Apple CEO Tim Cook yesterday made offensive statements directed at specific iPhone users. Apple’s App Store and iPhones have been under the spotlight quite a few times recently. Moreover, the company’s CEO has a hot take for iPhone users wanting to sideload apps.
Defending the “security and privacy” offered by iPhones, Cook stated that users wanting to sideload apps on their iPhones should consider purchasing an Android device. Speaking at The New York Times “DealBook” summit, Cook made some controversial statements.
Furthermore, he clarified that “people have that choice today,” speaking about sideloading. “If you want to sideload, you can buy an Android phone. If it is that important to you, then you should buy an Android phone,” he mentioned. Tim Cook does not want users to sideload apps on their iPhones.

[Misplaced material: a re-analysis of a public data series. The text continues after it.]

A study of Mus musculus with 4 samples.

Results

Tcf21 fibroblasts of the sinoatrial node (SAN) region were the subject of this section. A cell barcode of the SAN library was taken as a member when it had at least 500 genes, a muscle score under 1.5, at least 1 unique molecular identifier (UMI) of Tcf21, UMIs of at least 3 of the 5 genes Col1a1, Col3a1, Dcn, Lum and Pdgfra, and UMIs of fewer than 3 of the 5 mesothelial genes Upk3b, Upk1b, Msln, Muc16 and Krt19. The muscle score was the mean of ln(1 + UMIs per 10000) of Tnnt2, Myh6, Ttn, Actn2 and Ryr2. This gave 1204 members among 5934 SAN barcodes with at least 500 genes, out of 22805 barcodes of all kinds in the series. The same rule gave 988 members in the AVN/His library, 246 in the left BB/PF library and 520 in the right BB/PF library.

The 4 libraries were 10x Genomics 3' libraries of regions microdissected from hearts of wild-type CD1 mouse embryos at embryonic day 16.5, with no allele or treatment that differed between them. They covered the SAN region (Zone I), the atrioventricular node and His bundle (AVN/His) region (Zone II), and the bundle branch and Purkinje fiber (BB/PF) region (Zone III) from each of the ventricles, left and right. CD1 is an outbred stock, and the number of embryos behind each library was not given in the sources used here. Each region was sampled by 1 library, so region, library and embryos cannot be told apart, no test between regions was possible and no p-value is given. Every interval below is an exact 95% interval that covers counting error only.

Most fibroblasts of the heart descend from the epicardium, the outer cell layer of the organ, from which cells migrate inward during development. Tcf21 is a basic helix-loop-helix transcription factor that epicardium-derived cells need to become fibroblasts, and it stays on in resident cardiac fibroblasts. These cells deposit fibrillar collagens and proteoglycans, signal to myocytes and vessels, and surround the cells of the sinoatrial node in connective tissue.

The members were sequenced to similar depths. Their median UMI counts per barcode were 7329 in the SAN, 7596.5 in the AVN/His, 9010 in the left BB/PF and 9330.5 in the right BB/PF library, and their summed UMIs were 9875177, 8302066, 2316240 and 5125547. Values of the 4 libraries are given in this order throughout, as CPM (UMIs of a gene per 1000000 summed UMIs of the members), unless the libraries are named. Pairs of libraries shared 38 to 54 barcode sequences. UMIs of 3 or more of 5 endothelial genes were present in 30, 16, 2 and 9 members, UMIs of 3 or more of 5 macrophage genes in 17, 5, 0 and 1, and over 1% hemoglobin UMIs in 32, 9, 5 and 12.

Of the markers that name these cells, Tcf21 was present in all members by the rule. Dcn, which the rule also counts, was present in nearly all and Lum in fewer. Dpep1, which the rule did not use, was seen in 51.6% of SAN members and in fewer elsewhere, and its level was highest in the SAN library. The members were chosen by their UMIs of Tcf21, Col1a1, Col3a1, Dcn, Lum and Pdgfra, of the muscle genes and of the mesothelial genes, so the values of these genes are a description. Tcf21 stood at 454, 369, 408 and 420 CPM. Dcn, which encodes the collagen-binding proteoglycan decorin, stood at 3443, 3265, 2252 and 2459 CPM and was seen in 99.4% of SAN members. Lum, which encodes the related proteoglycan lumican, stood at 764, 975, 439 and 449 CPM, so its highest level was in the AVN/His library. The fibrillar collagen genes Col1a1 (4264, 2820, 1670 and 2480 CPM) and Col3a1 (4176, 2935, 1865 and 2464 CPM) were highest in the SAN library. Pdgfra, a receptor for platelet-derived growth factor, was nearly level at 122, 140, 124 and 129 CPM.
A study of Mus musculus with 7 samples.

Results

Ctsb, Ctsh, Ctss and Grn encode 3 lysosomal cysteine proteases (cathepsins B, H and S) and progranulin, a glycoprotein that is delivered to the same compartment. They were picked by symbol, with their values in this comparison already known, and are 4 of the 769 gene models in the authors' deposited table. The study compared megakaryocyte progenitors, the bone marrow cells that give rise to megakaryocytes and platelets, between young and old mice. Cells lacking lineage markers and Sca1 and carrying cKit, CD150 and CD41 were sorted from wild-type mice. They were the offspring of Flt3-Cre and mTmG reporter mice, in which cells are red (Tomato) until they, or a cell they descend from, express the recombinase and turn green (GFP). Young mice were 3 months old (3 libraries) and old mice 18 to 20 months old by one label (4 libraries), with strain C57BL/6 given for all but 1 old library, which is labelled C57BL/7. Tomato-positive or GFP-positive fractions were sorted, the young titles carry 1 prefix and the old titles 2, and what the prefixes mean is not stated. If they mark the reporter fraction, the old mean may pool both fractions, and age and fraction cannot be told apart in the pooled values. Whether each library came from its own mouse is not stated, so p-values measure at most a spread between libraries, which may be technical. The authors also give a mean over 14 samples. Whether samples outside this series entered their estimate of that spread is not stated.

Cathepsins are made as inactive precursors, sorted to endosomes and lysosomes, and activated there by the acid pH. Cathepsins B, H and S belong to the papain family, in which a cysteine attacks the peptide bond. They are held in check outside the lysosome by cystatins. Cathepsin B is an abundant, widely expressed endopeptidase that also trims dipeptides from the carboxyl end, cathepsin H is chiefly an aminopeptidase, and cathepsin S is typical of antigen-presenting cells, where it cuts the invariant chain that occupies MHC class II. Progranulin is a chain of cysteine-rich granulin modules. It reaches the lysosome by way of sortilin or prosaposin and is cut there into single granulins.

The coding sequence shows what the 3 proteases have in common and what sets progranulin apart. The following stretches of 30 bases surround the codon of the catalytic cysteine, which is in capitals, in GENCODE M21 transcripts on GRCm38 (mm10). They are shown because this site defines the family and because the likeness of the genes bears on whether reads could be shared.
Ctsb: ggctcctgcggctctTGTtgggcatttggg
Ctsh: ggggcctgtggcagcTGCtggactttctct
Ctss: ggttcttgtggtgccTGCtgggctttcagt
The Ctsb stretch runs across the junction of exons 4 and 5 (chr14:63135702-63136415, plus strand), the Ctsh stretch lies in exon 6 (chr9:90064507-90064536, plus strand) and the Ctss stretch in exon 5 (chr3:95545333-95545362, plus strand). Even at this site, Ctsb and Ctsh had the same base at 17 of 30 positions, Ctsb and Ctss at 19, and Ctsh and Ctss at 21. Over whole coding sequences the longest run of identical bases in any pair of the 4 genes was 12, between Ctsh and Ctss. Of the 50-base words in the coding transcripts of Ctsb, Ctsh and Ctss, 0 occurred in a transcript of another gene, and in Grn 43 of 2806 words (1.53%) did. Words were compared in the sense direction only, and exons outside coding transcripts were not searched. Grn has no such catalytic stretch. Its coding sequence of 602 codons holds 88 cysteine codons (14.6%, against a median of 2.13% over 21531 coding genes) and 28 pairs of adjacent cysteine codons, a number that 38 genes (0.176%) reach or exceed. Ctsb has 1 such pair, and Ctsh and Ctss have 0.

“From our point of view, it would be like if I were an automobile manufacturer telling [a customer] not to put airbags and seat belts in the car.“
Apple released a “threat analysis” on sideloading last month, highlighting its point of view. The analysis makes it clear that Apple does not want you to sideload apps on iPhones. Sideloading apps would cripple the privacy and security protections that make the iPhone “secure.”
However, it seems that it’s only the iPhone that Apple is hell-bent on making it a “secure” device. Other operating systems, including macOS, allow sideloading applications from third-party sources. Looking from a broader perspective, Tim Cook’s statement about sideloading seemed self-contradictory to some users.
Only a few days ago, Apple’s software chief, Craig Federighi, said that “sideloading is a criminal’s best friend” at an online summit. Likewise, he fought hard against European laws, which, if passed, would allow iPhone users to sideload apps. It’s evident that the tech giant is prepared for the battlefront.